One of the things I like most about Japan are the soft floors. No for real! Tatami mats are great! In Japan, you find them everywhere from traditional temples to even a Starbucks! But that’s only a part of what makes tatami so special. That’s why I’m now showing you 6 things you need to know about tatami mats.
Table of Contents
1. What is Tatami?
Tatami, written 畳 in Japanese, is a type of mat used as a flooring material in traditional Japanese-style rooms. The word tatami comes from the Japanese verb 畳む tatamu, meaning to fold or to pile. Traditionally tatami was only used as seating but today many Japanese people also sleep on them. The mats are made from woven straw and cloth to cover the edges.
2. History of Tatami Mats
Originally tatami mats were a luxury and weren’t used to cover entire rooms. However, this changed during the Muromachi period where people started using tatami as flooring for some rooms, often tea-ceremony rooms.
Rooms covered in tatami would then be called 座敷 zashiki.
As time passed, tatami became more popular and by the end of the 17th century, even commoners could afford them. As a result, tatami made its way into homes all across Japan.
Today, tatami mats are still a common sight in Japanese homes and restaurants. In fact, most Japanese homes have at least one traditional Japanese-style room called 和室 washitsu.
There’s even a Starbucks in Kyoto which has tatami mats!
3. Tatami Wasn't Always Used to Sleep on
Tatami mats were first used as seating for rich Japanese aristocrats. Japanese people only started to sleep on tatami when the mats became wide-spread and available to almost everybody.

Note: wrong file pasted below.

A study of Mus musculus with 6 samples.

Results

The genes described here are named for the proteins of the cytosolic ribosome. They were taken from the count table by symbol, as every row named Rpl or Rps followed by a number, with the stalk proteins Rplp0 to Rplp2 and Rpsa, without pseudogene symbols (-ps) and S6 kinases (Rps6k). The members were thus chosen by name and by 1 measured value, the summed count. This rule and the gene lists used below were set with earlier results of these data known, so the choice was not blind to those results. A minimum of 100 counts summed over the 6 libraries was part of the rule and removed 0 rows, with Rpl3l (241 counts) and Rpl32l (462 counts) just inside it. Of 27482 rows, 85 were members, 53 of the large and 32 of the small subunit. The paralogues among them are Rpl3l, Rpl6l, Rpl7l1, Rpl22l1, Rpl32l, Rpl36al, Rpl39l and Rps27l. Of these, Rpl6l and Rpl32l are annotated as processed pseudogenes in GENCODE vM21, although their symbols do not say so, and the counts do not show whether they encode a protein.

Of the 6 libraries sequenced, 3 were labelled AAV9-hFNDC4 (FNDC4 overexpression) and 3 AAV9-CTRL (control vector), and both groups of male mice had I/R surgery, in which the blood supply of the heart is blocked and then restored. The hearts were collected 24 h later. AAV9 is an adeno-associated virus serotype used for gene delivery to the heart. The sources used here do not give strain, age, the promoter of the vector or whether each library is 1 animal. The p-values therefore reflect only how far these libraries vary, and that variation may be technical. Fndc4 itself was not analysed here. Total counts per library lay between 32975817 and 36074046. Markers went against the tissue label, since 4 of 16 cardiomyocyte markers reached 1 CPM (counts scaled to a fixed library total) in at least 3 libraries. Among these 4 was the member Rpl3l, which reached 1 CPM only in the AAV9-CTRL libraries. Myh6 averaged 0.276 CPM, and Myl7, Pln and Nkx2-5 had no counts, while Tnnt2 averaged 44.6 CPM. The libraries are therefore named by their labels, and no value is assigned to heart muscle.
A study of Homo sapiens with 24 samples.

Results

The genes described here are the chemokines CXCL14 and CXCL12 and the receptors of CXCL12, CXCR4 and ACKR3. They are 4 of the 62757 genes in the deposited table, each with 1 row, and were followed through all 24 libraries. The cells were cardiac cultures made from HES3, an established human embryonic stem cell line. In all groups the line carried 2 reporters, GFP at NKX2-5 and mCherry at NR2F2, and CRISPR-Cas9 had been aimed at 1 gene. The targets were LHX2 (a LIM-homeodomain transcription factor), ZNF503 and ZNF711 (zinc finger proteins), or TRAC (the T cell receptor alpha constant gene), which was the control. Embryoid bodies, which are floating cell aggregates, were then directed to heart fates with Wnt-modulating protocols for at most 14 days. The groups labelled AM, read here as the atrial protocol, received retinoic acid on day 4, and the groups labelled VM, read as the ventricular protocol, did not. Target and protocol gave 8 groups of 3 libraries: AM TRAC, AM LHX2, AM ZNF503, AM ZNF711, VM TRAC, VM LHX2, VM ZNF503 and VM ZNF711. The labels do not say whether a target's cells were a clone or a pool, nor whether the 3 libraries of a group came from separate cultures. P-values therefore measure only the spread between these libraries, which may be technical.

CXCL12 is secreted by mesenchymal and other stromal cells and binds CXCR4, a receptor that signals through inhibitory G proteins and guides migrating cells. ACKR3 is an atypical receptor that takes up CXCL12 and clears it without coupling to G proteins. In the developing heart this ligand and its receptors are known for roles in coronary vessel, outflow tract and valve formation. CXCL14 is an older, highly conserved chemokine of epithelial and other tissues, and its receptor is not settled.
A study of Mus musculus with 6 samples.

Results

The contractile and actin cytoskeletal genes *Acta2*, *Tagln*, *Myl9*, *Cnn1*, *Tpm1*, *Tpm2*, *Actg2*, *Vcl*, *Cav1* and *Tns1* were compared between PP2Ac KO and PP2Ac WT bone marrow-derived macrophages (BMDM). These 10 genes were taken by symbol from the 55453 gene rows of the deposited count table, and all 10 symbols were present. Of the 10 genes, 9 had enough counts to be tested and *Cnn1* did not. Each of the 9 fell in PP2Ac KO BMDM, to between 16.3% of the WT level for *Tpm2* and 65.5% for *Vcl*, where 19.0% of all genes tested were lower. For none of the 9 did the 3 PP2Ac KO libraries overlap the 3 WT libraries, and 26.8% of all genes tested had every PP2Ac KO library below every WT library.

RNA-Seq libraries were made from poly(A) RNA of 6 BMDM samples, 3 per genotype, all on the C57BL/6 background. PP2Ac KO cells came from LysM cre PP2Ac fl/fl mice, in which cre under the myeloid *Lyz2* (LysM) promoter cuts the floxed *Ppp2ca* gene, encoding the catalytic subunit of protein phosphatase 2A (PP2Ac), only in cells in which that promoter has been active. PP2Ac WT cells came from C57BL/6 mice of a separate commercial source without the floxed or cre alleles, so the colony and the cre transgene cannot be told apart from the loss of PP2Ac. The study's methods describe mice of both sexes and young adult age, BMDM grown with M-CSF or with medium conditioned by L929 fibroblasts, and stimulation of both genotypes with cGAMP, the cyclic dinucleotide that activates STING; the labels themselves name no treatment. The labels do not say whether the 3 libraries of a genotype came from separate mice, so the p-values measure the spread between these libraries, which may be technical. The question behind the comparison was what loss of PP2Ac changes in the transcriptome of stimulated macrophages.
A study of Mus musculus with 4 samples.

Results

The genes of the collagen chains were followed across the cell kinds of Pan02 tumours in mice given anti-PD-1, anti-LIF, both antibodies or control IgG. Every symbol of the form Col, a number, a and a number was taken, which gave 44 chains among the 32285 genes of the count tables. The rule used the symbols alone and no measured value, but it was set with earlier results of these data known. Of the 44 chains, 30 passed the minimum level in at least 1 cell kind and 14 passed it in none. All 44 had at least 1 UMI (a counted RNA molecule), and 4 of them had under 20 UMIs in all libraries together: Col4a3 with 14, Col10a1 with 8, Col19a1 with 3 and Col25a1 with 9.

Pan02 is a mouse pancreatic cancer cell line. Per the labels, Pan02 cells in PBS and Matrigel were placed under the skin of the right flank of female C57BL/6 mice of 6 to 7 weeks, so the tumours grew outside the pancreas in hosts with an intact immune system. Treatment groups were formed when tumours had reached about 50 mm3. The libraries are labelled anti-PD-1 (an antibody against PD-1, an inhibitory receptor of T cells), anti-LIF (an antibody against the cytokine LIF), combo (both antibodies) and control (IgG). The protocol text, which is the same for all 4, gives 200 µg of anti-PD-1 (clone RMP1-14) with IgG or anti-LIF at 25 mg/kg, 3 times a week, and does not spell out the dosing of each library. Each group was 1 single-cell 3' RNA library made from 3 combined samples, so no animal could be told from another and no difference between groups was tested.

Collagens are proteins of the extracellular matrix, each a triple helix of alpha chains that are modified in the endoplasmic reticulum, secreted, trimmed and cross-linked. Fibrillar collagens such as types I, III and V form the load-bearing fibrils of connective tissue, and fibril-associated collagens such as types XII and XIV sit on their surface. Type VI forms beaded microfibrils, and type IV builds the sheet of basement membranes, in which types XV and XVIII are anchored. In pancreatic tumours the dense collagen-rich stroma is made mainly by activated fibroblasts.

However, people don’t sleep on tatami directly, because the mats aren’t that comfortable on their own. Almost all Japanese people who sleep on tatami use a futon.
4. How Big Is a Tatami Mat?
The size of tatami mats varies from region to region. But here are the three most common tatami sizes in Japan:
- Kyoto: 0.955 m by 1.91 m, called Kyōma (京間) tatami
- Nagoya: 0.91 m by 1.82 m, called Ainoma (合の間, lit. “in-between” size) tatami
- Tokyo: 0.88 m by 1.76 m, called Edoma (江戸間) or Kantōma (関東間) tatami
There are also half mats called 半畳 hanjō and mats of three-quarter length used mainly in tea rooms.
5. Rules on How to Place Tatami Mats
There are two ways to lay out the tatami mats. One is called shūgijiki (written syugijiki in the image below) and the other fushūgijiki (written fusyugijiki).
In most modern-day houses you will find the straw mats laid out in shūgijiki. That’s because fushūgijiki is said to bring bad luck.
ignis – 投稿者自身による作品, CC 表示-継承 3.0, https://commons.wikimedia.org/w/index.php?curid=1398665による
In square rooms you’ll often find half mats used like in the following picture.
By Bamse – self-made, based on w:Image:Tearoom_layout.jpg by Exploding Boy., CC BY-SA 4.0, https://commons.wikimedia.org/w/index.php?curid=3413756
6. Tatami Etiquette
You probably already know that taking off shoes and then putting on slippers is common practice in Japan. But not when it comes to tatami.
Before stepping on a traditional Japanese straw mat you should take off any footwear except for your socks. Reason being that any hard object put onto tatami can leave marks and that dirt can’t be washed out.
Thanks for reading! I hope you liked this article about tatami mats.